Proactive week of policing tackling modern day slavery, drug crime and road-related offences nets 21 arrests
Class A drugs, cash and weapons have been removed from the streets of Suffolk following a week of action tackling county lines drug dealing, modern day slavery, violence, exploitation, stolen goods and road-related crime.
The proactive week of policing, which started on Monday 11 November and concludes today, Friday 15 November, has included officers from across the force carrying out warrants, making arrests and also safeguarding vulnerable people.
Throughout the week, 14 warrants have been executed at a number of addresses in Ipswich and 21 people in total have been arrested for various offences so far.
Multi-agency days of action were also conducted during the week in the town with the aim of disrupting and frustrating the activities of criminals, including organised crime groups, who commit offences across county borders whilst using the road network.
Vehicles identified as being potentially involved in criminality were brought back to the check site on Monday, where police and partner agencies conducted checks of the vehicles and occupants.
The operation was carried out by officers from the Roads and Armed Policing Team, the Road Casualty Reduction Team, together with the Sentinel Team as well as a number of partner agencies including the Driver and Vehicle Standards Agency (DVSA), HM Revenue and Customs (HMRC), Trading Standards, Driving and Vehicle Licensing Agency (DVLA) and Ipswich Borough Council, among others.
95 vehicles were escorted back to the site, with just 17 leaving clear of any offences.
Four people were arrested on suspicion of drug driving offences, one for driving whilst disqualified and one person for driving with no insurance.
71 Traffic Offence Reports (TORs) were issued for various offences including for the following: 12 for wearing no seatbelts, three for using a mobile phone, two for no MOT, four for driving without a licence and four for having defective tyres, among other offences.
12 vehicles were seized and the DVSA issued six immediate prohibitions, five delayed prohibitions, and 23 advisory notices.
On Wednesday, officers from across the force, worked together with various partners at another multi-agency check site held at a different location in the town, with the aim of tackling modern day slavery offences, the exploitation of vulnerable people and road-related crime.
From 6am until 8am, 24 vehicles with 74 occupants were brought into the site where safe and well checks were carried out. Officers were supported by partner agencies from Immigration Enforcement and the Gangmasters and Labour Abuse Authority.
GLAA Director of Operations Ian Waterfield said: “Working in partnership is the only way we can truly tackle the problem of modern slavery and labour exploitation at source.
“We have an excellent relationship with Suffolk police allowing us to work together to protect some of the most vulnerable people in the county and target the criminality behind this exploitation.
“As intelligence-led organisations, we rely on the public’s help to spot the signs of exploitation and report their concerns to us. If you suspect something is not right, let us know and we can investigate.”
Further vehicle checks were carried out at the site from 8am until 3.30pm, with a total of 112 vehicles being brought in during the course of the day. 10 vehicles left the site clear of any offences.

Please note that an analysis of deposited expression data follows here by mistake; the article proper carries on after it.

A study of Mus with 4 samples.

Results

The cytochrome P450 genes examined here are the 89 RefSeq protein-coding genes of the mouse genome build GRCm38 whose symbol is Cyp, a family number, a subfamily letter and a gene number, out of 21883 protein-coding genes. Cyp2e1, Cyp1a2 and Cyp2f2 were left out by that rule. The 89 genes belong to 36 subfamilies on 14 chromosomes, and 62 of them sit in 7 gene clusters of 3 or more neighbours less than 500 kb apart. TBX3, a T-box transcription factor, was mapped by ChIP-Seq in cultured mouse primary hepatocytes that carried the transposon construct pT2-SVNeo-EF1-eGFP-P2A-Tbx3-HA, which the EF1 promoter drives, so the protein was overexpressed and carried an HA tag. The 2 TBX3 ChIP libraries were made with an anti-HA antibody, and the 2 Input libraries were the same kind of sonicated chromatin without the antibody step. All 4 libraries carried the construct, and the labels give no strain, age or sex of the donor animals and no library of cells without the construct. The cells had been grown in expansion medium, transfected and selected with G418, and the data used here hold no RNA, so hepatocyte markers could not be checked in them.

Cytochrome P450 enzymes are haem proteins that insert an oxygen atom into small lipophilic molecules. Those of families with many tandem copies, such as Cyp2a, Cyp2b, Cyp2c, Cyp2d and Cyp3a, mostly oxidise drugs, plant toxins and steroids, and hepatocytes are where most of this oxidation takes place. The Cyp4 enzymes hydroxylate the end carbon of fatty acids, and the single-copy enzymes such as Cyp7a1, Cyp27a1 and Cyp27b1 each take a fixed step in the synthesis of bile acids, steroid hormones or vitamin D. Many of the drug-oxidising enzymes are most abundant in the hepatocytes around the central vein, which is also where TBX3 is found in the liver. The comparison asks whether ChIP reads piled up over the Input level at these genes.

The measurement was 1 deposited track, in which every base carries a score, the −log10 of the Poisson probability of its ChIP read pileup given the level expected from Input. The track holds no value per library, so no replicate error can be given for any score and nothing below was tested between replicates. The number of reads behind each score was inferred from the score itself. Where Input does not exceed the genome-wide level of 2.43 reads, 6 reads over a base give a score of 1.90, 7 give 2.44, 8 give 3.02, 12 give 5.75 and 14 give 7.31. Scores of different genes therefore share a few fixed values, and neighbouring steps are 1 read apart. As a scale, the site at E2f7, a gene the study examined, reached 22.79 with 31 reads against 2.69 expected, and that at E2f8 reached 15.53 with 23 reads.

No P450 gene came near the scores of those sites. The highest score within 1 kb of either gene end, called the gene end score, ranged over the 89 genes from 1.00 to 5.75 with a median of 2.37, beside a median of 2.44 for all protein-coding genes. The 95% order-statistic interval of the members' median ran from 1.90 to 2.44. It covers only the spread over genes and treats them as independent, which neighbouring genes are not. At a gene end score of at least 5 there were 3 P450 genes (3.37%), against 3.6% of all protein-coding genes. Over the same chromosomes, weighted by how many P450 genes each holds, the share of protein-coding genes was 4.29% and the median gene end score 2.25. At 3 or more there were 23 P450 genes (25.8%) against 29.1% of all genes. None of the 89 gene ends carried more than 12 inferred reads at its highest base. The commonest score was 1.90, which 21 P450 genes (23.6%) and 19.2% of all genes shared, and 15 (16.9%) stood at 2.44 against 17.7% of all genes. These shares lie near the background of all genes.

Five people were arrested including for driving without insurance, on suspicion of drink driving, for holding no insurance and for immigration offences, among other offences.
66 TORs were issued for various offences including for the following: 15 for no insurance, 17 for no seatbelts, four for using a mobile phone, three for having no MOT, six for no driving licence, among other offences.
15 vehicles were seized and two immediate prohibitions were issued for vehicles having defective tyres or for being in a dangerous condition.
Partner agency, DVLA recovered almost £4,000 in fines and Marston debt recovery collected around £13,000 in fines. A further £460 was collected by Ipswich Borough Council for other fines.
The week of action saw other officers from the Serious Crime and Organised Crime Unit supported by the Serious Crime Disruption Team, officers from Operation Sentinel, the Scorpion teams, as well officers from the Response and Safer Neighbourhood Teams and Suffolk’s Special Constabulary, among others, all playing a key role in the enforcement activity.
Detective Chief Superintendent Steve Mattin said: "This week of action has been all about proactively tackling those involved in trafficking drugs, violence and the exploitation of vulnerable people across the county.
“This was an intelligence-led operation with a number of officers and partner agencies all working together in order to disrupt and pursue criminals, to protect our communities from harm.
“At this time, 21 people have been arrested and they are at various stages of legal proceedings. We thank the public for their understating and cooperation while this action was taking place, and hope that this positive action demonstrates our commitment to bringing those involved in criminality to justice.
“Apart from the arrests and seizures made, the week has also enabled us to gather plenty of significant intelligence – this will prove to be very valuable as we plan for future warrants and operations to continue to catch criminals and keep our communities safe.”
If you are aware of any suspicious activity taking place in your community, please let us know by calling 101, or 999 in an emergency. You can also report an incident online by visiting: http://www.suffolk.police.uk/contact-us/report-something
Alternatively, contact Crimestoppers anonymously on 0800 555111.